Markets provide two types of trading activity: Trending and consolidating. Trending periods are obvious as price moves in one direction, up or down, without many interruptions; whereas consolidation periods are indecisive when price fluctuates higher and lower without moving in a certain direction. These consolidation periods can last from a few days to several months and typically trade within a limited range. While consolidating markets don’t offer obvious trends, the price balance between bulls and bears leads to the bounded range in which price levels of support and resistance are formed in parallel to each other. This bounded range results in a rectangular channel pattern (or box pattern).
Rectangle channel patterns consist of two parallel trendlines bounding the price-action having multiple pivot points forming at equal highs and equal lows. As price approaches the lower trendline, bullish sentiment sets to push the price up towards the upper trendline, and when the price reaches the upper trendline, bearish sentiment tends to push the price down towards the lower trendline, thus creating a tug-of-war.
Each of these thrusts must form at least two key pivot points on the upper and lower trendlines to create a rectangle channel. This bounded range becomes a consolidation area, where traders are indecisive and may not take trend-based trades.
Rectangle channel patterns are one of the popular charting techniques and they are reliable chart patterns and they provide precise entry, exit, stop and target trading levels. In general, this type of pattern falls into a broader “channeling” pattern category along with ascending channels (rising channels) or descending channels (falling). In ascending channels (rising), the price makes consecutive higher highs and higher lows, whereas, in descending channels, the price makes consecutive lower highs and lower lows. In rectangle channels, the price makes horizontal (parallel) highs and lows in a box formation. These channel patterns can be both continuous or reversal patterns. The price action inside the pattern itself is considered neutral.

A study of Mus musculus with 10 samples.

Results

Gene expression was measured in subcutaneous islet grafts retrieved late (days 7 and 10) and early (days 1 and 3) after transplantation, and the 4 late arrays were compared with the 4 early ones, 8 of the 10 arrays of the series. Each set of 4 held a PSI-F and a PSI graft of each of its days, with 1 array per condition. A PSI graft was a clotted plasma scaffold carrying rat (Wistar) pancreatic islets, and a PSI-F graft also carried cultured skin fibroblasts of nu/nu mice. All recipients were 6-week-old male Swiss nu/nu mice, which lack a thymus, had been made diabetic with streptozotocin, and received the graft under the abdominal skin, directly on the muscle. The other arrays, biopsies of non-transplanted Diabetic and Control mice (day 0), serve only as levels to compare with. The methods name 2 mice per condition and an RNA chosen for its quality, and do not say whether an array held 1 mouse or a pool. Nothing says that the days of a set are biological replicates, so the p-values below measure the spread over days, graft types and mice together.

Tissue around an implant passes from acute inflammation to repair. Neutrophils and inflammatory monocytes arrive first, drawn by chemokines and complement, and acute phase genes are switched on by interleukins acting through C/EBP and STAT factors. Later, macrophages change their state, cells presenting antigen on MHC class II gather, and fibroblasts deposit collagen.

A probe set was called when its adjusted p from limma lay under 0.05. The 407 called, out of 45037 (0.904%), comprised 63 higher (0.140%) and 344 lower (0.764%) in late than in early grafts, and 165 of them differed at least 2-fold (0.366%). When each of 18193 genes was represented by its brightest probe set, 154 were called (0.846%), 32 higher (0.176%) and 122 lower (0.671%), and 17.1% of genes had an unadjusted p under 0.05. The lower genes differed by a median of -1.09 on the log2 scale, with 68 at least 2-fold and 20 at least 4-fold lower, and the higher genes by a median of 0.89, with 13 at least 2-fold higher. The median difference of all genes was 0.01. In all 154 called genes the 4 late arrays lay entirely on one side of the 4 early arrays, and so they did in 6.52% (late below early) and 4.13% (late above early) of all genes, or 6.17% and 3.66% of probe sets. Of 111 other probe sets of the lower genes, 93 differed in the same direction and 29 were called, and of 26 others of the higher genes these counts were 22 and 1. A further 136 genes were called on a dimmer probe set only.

Trading rectangle channels
Rectangle channel patterns are formed by price action between two key trendlines bound by multiple equal (near) highs and lows. The duration of the pattern can be a few days to months. Longer duration patterns are considered to be more reliable. The pattern must have at least two pivots (equal highs or equal lows) on each of the trendlines. The price breakout can occur in any direction from the pattern, but the general belief is that price may break out in the same direction as prior direction before the pattern formation (see “Breakouts,” above). The volume inside the pattern is non-decisive, but volume tends to increase during the breakouts.
Trade: Trade setup occurs when price closes outside the trendline (upper or lower) at least two bars signaling a breakout. Trades are entered on a follow-up bar at high above the breakout bar or low below the breakdown bar (see “Trading breakout/breakdown,” below).
Target: Targets in rectangle channel formations are based on the depth of the rectangle pattern. Targets are usually set at 70% to 100% of the depth of rectangle from the trade entry.
Stop: Rectangle patterns fail when prices retrace into the middle of the rectangle channel. Place a stop order just below the middle of the channel.
The following example shows an emergence of a rectangle trading channel formation in crude oil futures (see “Crude breakout,” below). After a steep downtrend in 2015 from a high of $80.82 per barrel to a low of $38.12 (early 2016), prices have been consolidating in a narrow range from $44 to $57.
Several potential scenarios for trading crude oil are presented here.
If price continues to trade lower and breaks down (downside breakout) below the lower trendline at $44.22, per barrel crude may give an opportunity to enter a short trade. Enter a short trade below the low of the breakdown bar below at $44. Place a stop at the middle of the rectangle channel ($51.08). Targets are placed at $37 and $30.50.
If price reverses from current prices and starts to trend higher and breaks out (upside breakout) above the upper trendline at $57.93, there is an opportunity to enter a long trade. Enter long above the breakout bar’s high and place a stop at the middle of the channel ($51.08). Targets are placed at $64.78 and $71.
Some traders play rectangle channel as price bounces from support (lower trendline) and reverse (upper trendline) from resistance levels. This type of trading counter-trend moves can be profitable but requires excellent trading experience and requires extreme caution.